Vagabonding Field Report: Scorpion with a side of Cajun sauce in New Orleans


Cost/day: $150/day

What’s the strangest thing you’ve seen lately?

It is a toss-up between me eating a scorpion and some of the “characters” I saw on Bourbon Street.


Describe a typical day:

Start the morning off in the French Quarter at Café du Monde to try their famous beignets and coffee. Walk over to the St. Louis Cathedral – the oldest Catholic cathedral in the United States. Take a stroll through the French Market. Check out the Voo Doo Museum. Get some Cajun shrimp and grits for lunch. Drive through the inner city to see the destruction still visible from Hurricane Katrina. Go to the oldest bar in the United States, Jean Lafittes Blacksmith Shop, which dates back to 1772. Go to the Napoleon House, a bar that was intended to be the residence for Napoleon Bonaparte in a local plan to bring Napoleon to Louisiana after his exile. Get a dinner of fried oysters, gumbo and lobster. Go to Lucy’s and eat a scorpion. Party on Bourbon Street.


Describe an interesting conversation you had with a local:

I was talking to an older guy and he exemplified the passion that many people in New Orleans have for their city. It never came across as arrogant, just confident happiness in the fact that they feel that they have the best culture, food, music, history, football team and nightlife in the country.


What do you like about where you are? Dislike?

I liked how the culture in New Oreleans is perhaps more dynamic than any other city in the United States. Its Creole and Greek revival architecture, iconic jazz and blues musicians, spicy Cajun food, diverse demographics, legendary nightlife, rich history and strong French influence makes it a fascinating place to visit.

One could easily miss this if only visiting the French Quarter and other popular neighborhoods, but it was a somber experience to see the parts of the city that were destroyed and have still not been fixed or rebuilt since 2005 due to Hurricane Katrina. These areas were generally the lower income sections of the city and certain parts looked like a ghost town with overgrown weeds the size of houses.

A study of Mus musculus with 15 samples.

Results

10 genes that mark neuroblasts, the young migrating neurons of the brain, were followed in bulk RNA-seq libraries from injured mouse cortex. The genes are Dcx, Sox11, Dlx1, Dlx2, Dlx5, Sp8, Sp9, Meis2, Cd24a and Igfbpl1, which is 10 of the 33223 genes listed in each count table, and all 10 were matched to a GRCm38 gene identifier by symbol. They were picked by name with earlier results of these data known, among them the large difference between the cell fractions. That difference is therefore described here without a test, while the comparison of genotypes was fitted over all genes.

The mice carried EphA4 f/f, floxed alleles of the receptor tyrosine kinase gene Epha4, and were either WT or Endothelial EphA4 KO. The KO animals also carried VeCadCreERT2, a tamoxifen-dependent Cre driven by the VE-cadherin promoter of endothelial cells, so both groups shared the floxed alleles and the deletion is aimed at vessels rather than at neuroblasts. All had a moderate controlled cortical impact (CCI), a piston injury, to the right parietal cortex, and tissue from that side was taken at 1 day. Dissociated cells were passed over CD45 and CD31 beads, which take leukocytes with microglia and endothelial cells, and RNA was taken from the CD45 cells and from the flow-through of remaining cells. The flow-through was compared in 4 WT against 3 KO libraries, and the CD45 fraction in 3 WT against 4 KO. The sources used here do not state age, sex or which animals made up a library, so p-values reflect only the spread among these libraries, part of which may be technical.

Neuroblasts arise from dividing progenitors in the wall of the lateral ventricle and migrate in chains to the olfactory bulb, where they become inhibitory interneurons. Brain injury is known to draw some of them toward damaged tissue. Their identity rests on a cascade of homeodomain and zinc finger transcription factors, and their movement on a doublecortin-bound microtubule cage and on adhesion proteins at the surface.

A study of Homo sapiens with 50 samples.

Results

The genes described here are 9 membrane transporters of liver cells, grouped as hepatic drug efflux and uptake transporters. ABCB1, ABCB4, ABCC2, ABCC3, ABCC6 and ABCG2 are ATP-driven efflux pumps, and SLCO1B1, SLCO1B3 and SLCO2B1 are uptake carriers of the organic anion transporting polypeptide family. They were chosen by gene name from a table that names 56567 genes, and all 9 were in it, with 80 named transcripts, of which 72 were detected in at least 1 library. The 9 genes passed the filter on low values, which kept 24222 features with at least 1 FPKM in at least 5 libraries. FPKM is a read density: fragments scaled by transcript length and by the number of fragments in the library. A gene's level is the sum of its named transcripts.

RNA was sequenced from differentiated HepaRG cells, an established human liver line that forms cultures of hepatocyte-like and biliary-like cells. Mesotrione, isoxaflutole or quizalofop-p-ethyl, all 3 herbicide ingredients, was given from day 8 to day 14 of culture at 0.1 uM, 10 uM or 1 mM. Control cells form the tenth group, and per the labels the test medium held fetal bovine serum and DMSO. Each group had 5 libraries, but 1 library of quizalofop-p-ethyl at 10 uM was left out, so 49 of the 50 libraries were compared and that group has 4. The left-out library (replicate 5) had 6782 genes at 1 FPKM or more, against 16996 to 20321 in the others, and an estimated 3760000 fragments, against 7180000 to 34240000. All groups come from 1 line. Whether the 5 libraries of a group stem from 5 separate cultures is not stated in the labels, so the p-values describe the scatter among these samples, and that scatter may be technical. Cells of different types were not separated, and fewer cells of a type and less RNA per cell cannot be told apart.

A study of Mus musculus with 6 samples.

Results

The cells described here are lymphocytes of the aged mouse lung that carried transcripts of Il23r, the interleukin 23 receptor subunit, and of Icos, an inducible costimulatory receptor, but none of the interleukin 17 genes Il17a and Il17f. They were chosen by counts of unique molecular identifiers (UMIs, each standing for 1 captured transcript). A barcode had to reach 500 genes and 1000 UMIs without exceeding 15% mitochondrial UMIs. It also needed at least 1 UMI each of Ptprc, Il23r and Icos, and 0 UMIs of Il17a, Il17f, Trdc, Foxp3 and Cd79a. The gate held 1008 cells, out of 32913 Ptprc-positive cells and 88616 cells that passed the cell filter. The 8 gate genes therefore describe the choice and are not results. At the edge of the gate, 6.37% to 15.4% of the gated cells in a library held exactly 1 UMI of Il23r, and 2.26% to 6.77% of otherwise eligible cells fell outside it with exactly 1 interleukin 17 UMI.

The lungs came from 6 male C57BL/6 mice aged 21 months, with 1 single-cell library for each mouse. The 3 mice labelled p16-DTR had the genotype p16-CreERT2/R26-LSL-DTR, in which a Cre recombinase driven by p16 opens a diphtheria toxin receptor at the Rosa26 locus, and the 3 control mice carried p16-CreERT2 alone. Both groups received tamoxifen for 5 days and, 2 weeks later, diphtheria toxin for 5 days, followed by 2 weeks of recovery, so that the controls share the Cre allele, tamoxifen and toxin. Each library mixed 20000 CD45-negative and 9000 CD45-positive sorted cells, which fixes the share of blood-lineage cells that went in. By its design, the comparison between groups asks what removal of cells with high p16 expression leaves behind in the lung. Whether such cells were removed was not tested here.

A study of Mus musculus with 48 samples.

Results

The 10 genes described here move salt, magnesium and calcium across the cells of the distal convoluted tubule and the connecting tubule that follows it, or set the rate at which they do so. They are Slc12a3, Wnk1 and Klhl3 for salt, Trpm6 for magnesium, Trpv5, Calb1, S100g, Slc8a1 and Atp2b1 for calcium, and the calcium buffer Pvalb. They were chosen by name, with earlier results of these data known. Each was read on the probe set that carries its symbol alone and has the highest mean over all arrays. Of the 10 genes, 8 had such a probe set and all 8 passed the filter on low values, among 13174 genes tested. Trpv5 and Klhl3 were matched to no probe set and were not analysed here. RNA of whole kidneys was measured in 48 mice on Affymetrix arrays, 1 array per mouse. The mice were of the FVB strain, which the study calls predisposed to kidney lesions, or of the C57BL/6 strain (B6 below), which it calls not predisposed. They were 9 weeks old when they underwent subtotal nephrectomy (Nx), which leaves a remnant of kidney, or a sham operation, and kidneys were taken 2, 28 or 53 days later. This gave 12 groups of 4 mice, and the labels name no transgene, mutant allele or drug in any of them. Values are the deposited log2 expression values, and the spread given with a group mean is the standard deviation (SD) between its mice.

Describe a challenge you faced:


Only minutes after my arrival, a flash flood warning came into effect and the torrential downpour began. I was only there for a few days, so I didn’t want to have it ruin my trip. Determined not to let that thwart our plans, my friends and I decided to embrace the rain. We ran through the city, ate some great food and went out on Bourbon Street all while completely soaking wet and leaving a trail of water everywhere we went. This made for some great times, especially when one of our friends completely wiped out in a restaurant from slipping on his own puddle of water.


What new lesson did you learn?

I was amazed how many of the locals had no desire to live anywhere else. Having lived in some very transient and international U.S. cities (San Francisco, Chicago, Washington DC) and having traveled a lot, this was such a foreign concept to me. However, I realized how some people just perfectly fit with some cities. It is as if they found their destination soul mate. It doesn’t mean it is perfect, but like a good mate, it is perfect for them. At the exact moment that I was thinking about this, I coincidently read the following quote by Ian McNulty: “People don’t live in New Orleans because it is easy. They live here because they are incapable of living anywhere else in the just same way.” Does everyone have a destination soul mate or do most people simply settle where life sent them (or never stop searching for those that are vagabonding)?


Where next?

I will be travelling back and forth between Washington DC, Chicago, New York, North Carolina and Tennessee for a few months and then I plan on travelling throughout East and Southeast Asia.